John Wall's Wizards career begins with Thursday's season opener in Orlando.
John Wall's Wizards career begins with Thursday's season opener in Orlando. (Stephen Chernin/ap)
Washington Post Staff Writer
Thursday, October 28, 2010; 12:52 AM

The realization that good fortune had finally shone on the Washington Wizards had barely sunk in, and Ted Leonsis already knew what his next move had to be. He was weeks away from taking over as owner, but after an unexpected draft lottery victory offered the team the chance to draft John Wall with the No. 1 overall pick, Leonsis understood the importance of reconnecting with Gilbert Arenas.


"He said, 'I'm committed to be in love with basketball again and to be a great teammate and a great player,' " Leonsis recalled recently. "I said, 'Okay, all I can do is judge you by your actions.' "

The arrival of a new, baby face of the franchise in Wall and an innovative and interactive owner in Leonsis this season has injected considerable excitement into an organization that appeared to be stripped of all hope during one of the most embarrassing, disheartening and dysfunctional campaigns. The Wizards are among the NBA's top 10 teams in new season ticket orders, with nearly 2,000 fans signing up to catch a glimpse of Wall, a 20-year-old phenom with dynamic talent and maturity that belies his age.

But the rebuilding project is an awkward endeavor, like constructing a swank, new luxury condominium complex around one holdout brownstone. During the preseason, the effort has been upstaged by the actions of Arenas, the prominent leftover from an aggressive roster shake-up last season that was expedited by his 50-game suspension for bringing guns to the Verizon Center locker room.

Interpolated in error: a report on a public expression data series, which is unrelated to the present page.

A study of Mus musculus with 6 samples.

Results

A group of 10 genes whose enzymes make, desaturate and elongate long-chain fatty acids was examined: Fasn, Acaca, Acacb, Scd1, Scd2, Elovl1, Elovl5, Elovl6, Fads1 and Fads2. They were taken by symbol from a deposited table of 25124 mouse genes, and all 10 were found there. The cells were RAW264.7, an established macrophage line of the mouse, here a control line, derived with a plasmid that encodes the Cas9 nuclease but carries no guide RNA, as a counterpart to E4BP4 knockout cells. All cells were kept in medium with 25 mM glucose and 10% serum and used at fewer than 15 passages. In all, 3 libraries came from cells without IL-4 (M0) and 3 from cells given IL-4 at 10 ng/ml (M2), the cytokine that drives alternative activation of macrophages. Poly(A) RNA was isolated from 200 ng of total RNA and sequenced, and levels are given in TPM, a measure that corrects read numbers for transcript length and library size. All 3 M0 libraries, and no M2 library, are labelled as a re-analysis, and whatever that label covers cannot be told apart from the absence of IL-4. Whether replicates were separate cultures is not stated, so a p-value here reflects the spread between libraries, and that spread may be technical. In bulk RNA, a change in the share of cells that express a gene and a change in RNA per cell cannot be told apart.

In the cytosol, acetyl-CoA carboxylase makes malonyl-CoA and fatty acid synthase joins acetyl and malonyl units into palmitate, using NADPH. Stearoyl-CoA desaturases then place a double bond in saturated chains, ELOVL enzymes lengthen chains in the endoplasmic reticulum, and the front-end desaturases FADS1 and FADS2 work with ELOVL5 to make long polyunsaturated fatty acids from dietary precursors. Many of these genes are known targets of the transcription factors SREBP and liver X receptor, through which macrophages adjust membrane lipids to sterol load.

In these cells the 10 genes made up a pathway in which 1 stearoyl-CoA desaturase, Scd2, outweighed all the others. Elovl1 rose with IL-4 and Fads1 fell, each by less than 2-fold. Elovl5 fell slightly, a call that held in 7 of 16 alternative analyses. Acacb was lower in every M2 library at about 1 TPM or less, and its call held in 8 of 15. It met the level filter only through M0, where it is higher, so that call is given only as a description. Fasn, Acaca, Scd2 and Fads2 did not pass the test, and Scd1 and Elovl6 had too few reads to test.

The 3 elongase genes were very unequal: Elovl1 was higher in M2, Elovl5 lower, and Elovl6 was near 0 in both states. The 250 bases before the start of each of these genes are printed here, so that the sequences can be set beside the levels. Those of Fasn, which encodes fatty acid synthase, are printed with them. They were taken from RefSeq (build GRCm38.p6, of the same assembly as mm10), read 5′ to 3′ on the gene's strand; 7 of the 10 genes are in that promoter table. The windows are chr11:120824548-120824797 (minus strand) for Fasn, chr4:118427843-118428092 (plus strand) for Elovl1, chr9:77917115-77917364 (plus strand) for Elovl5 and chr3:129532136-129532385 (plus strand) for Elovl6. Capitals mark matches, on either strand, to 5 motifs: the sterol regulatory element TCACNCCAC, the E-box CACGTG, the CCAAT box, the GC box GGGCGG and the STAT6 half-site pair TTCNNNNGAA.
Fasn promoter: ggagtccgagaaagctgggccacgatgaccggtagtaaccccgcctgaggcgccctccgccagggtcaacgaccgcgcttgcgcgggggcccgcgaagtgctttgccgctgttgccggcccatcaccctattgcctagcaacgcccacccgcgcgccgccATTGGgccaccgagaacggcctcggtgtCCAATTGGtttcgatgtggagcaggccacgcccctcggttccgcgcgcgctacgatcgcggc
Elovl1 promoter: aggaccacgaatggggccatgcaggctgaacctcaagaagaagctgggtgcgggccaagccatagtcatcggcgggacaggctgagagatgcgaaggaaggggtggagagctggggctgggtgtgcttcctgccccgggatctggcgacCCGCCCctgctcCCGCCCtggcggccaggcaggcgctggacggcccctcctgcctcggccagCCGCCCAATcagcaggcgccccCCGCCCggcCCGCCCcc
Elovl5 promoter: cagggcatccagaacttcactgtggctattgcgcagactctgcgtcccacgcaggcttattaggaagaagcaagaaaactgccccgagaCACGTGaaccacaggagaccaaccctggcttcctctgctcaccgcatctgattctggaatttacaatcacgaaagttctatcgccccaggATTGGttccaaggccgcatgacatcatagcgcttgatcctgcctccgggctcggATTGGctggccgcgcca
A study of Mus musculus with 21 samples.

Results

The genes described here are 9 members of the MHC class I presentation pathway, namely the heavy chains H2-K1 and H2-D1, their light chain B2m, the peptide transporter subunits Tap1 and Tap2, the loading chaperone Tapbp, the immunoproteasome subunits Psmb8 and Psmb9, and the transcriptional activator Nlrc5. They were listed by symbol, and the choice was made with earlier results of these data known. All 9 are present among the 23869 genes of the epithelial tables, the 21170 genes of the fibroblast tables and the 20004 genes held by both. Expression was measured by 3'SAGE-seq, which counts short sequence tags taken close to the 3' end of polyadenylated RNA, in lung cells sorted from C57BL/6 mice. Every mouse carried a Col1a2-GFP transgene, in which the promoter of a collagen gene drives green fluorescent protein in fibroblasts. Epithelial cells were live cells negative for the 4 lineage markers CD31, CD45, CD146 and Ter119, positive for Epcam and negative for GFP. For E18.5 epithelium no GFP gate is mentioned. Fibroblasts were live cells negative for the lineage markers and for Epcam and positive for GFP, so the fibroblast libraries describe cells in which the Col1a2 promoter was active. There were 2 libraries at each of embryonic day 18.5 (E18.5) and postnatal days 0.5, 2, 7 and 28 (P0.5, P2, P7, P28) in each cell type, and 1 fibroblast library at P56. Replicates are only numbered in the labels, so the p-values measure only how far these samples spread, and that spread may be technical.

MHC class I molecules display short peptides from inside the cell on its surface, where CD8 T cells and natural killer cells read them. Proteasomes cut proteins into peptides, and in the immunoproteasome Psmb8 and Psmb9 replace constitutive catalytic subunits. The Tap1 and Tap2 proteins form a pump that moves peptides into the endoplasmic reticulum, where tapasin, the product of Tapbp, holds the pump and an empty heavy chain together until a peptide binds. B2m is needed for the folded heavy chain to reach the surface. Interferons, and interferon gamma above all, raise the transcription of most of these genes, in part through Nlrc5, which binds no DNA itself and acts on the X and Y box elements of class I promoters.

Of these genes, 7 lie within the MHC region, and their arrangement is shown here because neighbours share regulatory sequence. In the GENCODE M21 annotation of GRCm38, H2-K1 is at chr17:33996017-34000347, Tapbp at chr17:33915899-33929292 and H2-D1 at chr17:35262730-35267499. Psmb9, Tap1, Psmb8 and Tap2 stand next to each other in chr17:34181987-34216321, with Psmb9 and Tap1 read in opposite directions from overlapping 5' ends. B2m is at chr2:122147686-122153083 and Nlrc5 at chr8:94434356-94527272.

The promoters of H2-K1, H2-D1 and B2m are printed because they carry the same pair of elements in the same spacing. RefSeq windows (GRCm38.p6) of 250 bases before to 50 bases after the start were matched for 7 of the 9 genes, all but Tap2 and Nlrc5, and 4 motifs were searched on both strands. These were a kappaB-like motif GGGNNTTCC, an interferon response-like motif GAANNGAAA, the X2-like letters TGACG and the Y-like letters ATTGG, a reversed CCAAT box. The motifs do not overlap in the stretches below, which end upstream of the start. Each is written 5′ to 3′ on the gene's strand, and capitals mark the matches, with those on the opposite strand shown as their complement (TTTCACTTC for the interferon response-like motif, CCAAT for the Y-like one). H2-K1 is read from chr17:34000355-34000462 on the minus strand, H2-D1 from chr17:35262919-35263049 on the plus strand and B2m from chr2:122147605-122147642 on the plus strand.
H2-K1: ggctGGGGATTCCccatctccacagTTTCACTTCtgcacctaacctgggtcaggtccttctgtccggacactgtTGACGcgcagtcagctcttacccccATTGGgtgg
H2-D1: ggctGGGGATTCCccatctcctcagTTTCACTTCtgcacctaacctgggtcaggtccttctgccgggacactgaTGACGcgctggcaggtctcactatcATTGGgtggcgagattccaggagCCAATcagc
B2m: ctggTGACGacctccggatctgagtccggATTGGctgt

Arenas will miss the Wizards' nationally televised season opener against the Orlando Magic on Thursday plus at least one more game with a strained tendon in his right ankle, one of many ailments - real or otherwise - that have sidelined him throughout the preseason. He missed the final three games with a mild groin strain.

If Arenas is unhappy, he hasn't said so publicly, but his odd comments and behavior since training camp raised questions about his level of comfort with all the changes going around him.

It began when Arenas showed up on media day looking despondent with an unkempt beard. The man who once was one of the NBA's most engaging players refused to smile for photographs and solemnly said that his joy only comes from being on the court.

Arenas then clumsily expressed his willingness to help Wall become a star by making it sound as if he was ready to leave. He clarified his statements the next day by saying that he planned to fulfill the remaining years on his contract with the Wizards.

He tried to help his friend Nick Young get a start in a preseason game, but lied to Coach Flip Saunders about soreness in his surgically repaired left knee to make it happen, resulting in a $50,000 fine. Young shrugged it off as "Gil being Gil."

Arenas apologized for faking the knee injury, saying: "I messed up again. I'll never do it again."

Despite this and other transgressions, Arenas remains incredibly popular among Wizards fans who remember his remarkable career trajectory before he injured his left knee in April 2007. "This is the city that I've played the last eight years," Arenas said recently. "I know they love me here."